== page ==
There were at least two Peter Snells – one, the gloriously muscular, stylish athlete who won three Olympic gold medals; the other the free thinker, scientist and expat.
Many who witnessed him in his athletic pomp have themselves gone; those who remember his 800m gold medal in Rome in 1960 are fewer in number. Those unforgettable double gold medals over 800m and 1500m in Tokyo, four years later, were immortalised by some writers who knew Snell better but who are, alas, also no longer with us.
When you think of Snell the athlete, you remember not just the triumphs – including two Commonwealth games gold medals and seven world records – but the form, the style. He wasn't just a middle distance runner; he looked like a rugby player. He had muscles in all the places where they looked good and that long-striding style spoke of power as well as efficiency. His rivals, world-class though they might be, looked a bit puny in comparison – whippets to Snell's greyhound.
Years later, in conversation, I tried to tell him about being there that night. His humility asserted itself; he did what he so often did in such circumstances – changed the subject away from himself.
He was a very New Zealand athlete, you see. He had a large stores of intelligence to go with the sportsman's frame but did not parade it. Humility in those days was de rigeur – woe betide the Kiwi sportsman or woman who put a toe over the line of self-effacement and into "I am…" territory. Snell's humility was entirely natural.
That's partly why Kiwis loved him. He was also the embodiment of New Zealand health and (natural) wealth – a strong man with a humble outlook raised on New Zealand milk, eggs and lamb (metaphorically speaking) and trained on our roads and hills, beating the world.
His decision to move to the US puzzled many. It's fair to say he distanced himself a bit to pursue his academic/scientific career in human performance and exercise physiology (the latter the subject of his PhD), and his research and associate professorship at the University of Texas.
"…there are big advantages in being able to be anonymous; one of them is that you have to rely on your other attributes to make progress and achieve things. If I was still living here in New Zealand I'd be tending to think that I deserved to be given things or treated differently or whatever. I don't have those expectations in the United States. Here in New Zealand I still actually feel some conformity pressure to be something that I may not necessarily be comfortable with."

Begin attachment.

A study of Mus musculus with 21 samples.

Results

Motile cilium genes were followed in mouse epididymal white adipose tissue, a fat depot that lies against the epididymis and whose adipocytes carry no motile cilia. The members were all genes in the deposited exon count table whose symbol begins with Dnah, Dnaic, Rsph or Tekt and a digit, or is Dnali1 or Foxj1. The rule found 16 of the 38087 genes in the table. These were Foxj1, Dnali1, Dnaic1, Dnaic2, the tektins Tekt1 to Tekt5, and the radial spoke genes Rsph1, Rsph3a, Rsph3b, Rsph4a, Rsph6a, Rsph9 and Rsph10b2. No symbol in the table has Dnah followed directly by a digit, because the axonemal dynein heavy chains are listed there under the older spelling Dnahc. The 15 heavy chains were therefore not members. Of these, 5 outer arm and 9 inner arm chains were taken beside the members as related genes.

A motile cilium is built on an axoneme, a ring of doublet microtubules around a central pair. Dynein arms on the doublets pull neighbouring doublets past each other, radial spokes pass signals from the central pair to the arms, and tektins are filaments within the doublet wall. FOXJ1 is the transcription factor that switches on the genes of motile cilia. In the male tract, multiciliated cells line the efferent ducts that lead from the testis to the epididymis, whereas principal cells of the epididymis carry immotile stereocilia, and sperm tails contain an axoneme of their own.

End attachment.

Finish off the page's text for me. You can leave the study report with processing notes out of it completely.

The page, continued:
That said, he also greatly missed New Zealand – his friends, lifestyle and the outdoors. But his academic and scientific future was settled when he'd gained his PhD but felt no one in New Zealand seemed interested in his CV.
One of the last contacts I had with him was a few years back when we spoke and emailed on a pet theme of his – administrators holding sway over athletes. He was commenting on a dispute with New Zealand canoeing officials that saw Olympic heroes Ian Ferguson and Paul MacDonald threatened with dumping from the sport.
Snell told me then, using the America's Cup as an example: "We had a guy there who was on top of the game [Sir Russell Coutts] and won us the Cup. Then they said to him, 'Russell, you just drive the boat and we'll take care of business' and, when he jumped ship, they found it wasn't so easy to steer the boat.
"That's a bit of a stretch, maybe, but I remember the old way in New Zealand sport - like track and field, for example - when the administrators thought they were the most important people; that the sport couldn't exist without them. Nothing could be further from the truth.
"You can't tell me high performance management can take the credit for what New Zealand athletes like Valerie Adams and Nick Willis have done … I hope high performance managers don't think they are most important because they hold the purse strings."
His life as an athlete morphed into an emphasis on wellness, particularly among the ageing. He held close to the belief there were three great gifts people could give themselves: a university education, a fulfilling career (which had little to do with money) and a high level of wellness – a constant theme he practised by maintaining exercise levels he advised older people to follow to avoid their health packing up.
He said his goal was to make it to 90 as an independent human being sustained by activity and exercise. His heart condition put paid to that just a few days shy of what would have been his 81st birthday – one of the very few goals Sir Peter George Snell, New Zealand's greatest athlete, did not achieve.